New U.S. sanctions on Iran became effective this month pursuant to the Iran Freedom and Counter-Proliferation Act of 2012 (IFCA) and Executive Order 13645. The sanctions adopt an approach similar to the Comprehensive Iran Sanctions, Accountability, and Divestment Act of 2010 (CISADA) by targeting companies’ involvement in certain sectors of the Iranian economy. The new sanctions also further expand the extraterritorial scope of U.S. sanctions on Iran.
Among other measures, IFCA requires the President to impose sanctions on entities that are determined to be involved in certain activities linked to the energy, shipbuilding, or shipping sectors of the Iranian economy. Involvement in activities linked to trade in precious metals, graphite, certain industrial materials and software, and automotive items could also expose companies to sanctions pursuant to IFCA and Executive Order 13645. Other new measures include sanctions on activities related to insurance and reinsurance, dealings in Iranian currency, diversion of goods, and petrochemical exports from Iran.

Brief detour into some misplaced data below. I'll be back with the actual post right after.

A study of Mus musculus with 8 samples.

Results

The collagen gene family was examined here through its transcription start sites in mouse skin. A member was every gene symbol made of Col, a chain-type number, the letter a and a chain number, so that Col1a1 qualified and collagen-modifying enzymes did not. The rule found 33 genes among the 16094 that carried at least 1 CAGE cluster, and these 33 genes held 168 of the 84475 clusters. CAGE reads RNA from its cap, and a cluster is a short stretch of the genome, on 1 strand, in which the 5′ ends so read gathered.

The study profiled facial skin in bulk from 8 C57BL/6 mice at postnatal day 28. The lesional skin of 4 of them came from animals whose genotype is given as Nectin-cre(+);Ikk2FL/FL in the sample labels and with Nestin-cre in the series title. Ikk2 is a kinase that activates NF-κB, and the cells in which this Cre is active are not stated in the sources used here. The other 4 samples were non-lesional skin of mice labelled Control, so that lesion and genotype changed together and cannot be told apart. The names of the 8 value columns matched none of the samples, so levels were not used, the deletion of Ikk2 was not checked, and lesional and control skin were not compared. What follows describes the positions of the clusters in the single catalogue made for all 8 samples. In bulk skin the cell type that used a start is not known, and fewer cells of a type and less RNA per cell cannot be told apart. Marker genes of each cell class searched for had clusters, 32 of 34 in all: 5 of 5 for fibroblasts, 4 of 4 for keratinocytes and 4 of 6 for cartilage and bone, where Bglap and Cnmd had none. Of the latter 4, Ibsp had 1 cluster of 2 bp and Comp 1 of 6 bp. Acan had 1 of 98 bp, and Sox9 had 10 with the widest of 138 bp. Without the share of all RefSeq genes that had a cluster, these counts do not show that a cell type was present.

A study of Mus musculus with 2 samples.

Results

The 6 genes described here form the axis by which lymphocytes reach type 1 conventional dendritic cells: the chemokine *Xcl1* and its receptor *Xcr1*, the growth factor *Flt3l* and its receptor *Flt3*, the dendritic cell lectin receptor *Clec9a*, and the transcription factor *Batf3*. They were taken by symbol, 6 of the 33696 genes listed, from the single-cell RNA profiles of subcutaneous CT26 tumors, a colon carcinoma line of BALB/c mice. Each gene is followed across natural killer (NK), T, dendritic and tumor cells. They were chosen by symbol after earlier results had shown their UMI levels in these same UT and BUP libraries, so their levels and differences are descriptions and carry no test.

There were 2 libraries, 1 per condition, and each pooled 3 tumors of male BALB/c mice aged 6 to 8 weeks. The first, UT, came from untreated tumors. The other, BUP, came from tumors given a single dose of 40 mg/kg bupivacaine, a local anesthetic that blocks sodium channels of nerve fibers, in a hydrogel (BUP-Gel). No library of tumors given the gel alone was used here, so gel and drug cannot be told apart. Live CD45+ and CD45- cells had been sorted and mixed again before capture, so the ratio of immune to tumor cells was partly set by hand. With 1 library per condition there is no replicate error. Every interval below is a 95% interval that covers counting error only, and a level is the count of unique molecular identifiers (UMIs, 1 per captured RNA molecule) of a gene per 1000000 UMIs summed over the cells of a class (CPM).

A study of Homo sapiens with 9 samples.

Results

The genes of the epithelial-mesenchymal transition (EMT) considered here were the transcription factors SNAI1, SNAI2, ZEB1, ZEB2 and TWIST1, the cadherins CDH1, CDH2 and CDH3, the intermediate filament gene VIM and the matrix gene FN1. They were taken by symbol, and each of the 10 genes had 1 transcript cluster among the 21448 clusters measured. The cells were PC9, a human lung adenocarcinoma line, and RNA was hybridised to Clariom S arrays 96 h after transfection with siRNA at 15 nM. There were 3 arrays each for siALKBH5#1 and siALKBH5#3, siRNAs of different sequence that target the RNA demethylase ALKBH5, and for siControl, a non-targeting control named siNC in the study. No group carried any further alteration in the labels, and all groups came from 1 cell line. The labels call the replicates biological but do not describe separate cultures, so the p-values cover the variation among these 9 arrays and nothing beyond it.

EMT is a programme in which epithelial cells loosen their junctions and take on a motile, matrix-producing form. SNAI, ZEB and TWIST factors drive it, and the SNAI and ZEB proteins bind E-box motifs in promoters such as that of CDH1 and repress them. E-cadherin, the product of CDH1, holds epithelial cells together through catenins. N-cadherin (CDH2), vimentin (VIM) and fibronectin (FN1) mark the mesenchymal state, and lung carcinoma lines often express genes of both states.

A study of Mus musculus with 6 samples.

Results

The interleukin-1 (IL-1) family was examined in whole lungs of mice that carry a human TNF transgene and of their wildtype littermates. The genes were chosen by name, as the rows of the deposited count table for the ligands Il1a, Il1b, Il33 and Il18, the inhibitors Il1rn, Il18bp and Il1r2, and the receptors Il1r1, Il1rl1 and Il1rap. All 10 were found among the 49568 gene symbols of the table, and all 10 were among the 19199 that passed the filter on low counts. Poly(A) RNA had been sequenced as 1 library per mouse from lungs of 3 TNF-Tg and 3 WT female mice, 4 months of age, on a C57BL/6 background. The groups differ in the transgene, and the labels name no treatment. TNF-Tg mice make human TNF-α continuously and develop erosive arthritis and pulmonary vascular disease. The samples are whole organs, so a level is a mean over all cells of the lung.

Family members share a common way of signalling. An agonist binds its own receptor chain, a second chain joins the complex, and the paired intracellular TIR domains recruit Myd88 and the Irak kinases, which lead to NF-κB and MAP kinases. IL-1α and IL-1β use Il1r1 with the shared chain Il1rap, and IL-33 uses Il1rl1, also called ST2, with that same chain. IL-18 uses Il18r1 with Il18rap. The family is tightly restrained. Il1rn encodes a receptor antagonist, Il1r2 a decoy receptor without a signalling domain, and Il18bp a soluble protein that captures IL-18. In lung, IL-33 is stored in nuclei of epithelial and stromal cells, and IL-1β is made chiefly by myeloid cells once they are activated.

IFCA further expands the extraterritorial scope of U.S. sanctions by targeting the activities of non-U.S. companies outside the U.S. Under IFCA, non-U.S. companies may be subject to sanctions by U.S. authorities if they materially assist, sponsor, or provide financial, material, or technological support to Specially Designated Nationals or entities involved in the Iranian energy, shipping, or shipbuilding sectors. Non-U.S. companies should continue to carefully monitor the scope of expanding U.S. sanctions and evaluate their exposure to possibly severe penalties from U.S. authorities.
For more information about the contents of this newsletter, or about Kelley Drye's International Trade Practice, please contact practice group chair Kathleen Cannon or partner Paul Rosenthal, who acts as editor of this publication.